A questionnaire study was carried out of all orthopedic surgical procedures in the operating rooms of a teaching hospital over an 8-week period to describe the frequency and circumstances of accidental blood contact. Blood exposure occurred in 11% of the procedures. Contamination of intact skin was the most common incident (79%); percutaneous injury occurred in 13%. The majority of the incidents were believed to be preventable.
The microbiological tests of 769 blood samples from 220 patients, treated in 4 intensive care units of the N.V. Sklifosovsky Research Institute for Emergency Medical Service within a period from January 2009 to June 2010, were analysed. Etiologically significant microorganisms were detected in 323 samples (42%). 253 isolates were used in the analysis. Grampositive and gramnegative pathogens were detected in 47 and 42% of the cases respectively. Candida and anaerobic organisms were isolated in 8 and 3% of the cases respectively. Staphylococcus aureus and enterococci were isolated in 24 and 15% of the cases respectively. Nonfermenting gramnegative bacteria and enterobacteria were revealed in 25 and 17% of the cases respectively. Differences in the spectrum of the sepsis pathogens depending on the patients contingent were shown. The maximum summary susceptibility of the grampositive cocci was observed with respect to vancomycin and linezolid and that of the gramnegative bacteria was stated with respect to imipenem and meropenem.
APIC/CHICA-Canada Infection Control and Epidemiology: Professional and Practice Standards. Association for Professionals in Infection Control and Epidemiology, Inc, and the Community and Hospital Infection Control Association-Canada.
Health care workers compliance with guidelines, universal precautions, in connection with tasks that could involve contact with patient's blood is unsatisfactory. In a previous paper, we identified different forces that undermine compliance. Socialization into infection control, routinization, stereotyping, perceptions of patients' wishes and the presence of competing values and norms are examples of such forces.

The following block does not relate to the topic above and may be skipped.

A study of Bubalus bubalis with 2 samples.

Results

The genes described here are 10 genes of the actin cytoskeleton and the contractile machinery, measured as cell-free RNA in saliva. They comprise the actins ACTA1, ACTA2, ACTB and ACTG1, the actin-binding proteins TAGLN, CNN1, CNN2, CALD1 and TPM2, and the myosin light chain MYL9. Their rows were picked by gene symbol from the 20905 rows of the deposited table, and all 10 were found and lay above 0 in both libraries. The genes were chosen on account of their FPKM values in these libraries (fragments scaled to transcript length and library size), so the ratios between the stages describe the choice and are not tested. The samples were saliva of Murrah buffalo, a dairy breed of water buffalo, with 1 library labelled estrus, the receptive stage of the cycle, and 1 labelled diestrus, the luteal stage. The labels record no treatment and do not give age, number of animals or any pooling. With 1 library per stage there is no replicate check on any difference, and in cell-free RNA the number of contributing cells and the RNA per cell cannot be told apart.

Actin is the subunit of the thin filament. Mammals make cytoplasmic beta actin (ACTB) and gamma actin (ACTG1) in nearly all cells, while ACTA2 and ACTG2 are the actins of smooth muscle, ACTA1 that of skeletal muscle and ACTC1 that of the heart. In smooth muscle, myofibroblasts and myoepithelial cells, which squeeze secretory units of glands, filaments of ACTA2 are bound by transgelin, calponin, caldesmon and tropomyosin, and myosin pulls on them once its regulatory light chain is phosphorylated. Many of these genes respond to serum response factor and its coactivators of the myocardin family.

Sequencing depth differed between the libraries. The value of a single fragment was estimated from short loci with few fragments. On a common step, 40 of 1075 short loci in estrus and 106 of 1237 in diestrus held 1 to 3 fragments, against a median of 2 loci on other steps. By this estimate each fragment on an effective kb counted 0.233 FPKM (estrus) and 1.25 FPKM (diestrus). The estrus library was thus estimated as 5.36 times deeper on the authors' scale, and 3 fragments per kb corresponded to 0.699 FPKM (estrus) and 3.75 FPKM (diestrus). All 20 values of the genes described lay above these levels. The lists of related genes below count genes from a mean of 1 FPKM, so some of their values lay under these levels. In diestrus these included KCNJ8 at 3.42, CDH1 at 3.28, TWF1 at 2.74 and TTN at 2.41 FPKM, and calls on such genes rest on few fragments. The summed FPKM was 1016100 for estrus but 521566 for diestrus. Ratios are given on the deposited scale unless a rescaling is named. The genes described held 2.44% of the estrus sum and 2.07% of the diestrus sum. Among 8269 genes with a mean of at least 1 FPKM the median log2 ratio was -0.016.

The aim of this article is to describe and analyse different forces that promote adherence to universal precautions. Behavioural variations are seen as a consequence of differences between wards with regard to the safety culture. Safety culture is conceptualized as the outcome of a constant interplay between deactivating and reactivating forces. In this article the focus is on the latter.
The grounded theory approach. Data were collected through interviews with nurses and assistant nurses.
The charge nurse, informal leaders, students, infection control nurses, type of work, availability of equipment, blood-exposure incidents and media-coverage of infectious diseases are described as potentially important for compliance. The properties these agents must possess in order to be influential are also described.
The outcome of an occupationally acquired infection can be fatal. Hence it is important that health care workers take protective measures. The results imply that mere information about safe practices alone is insufficient to achieve that goal. All factors of importance for compliance must be taken in to consideration in clinical work and in education.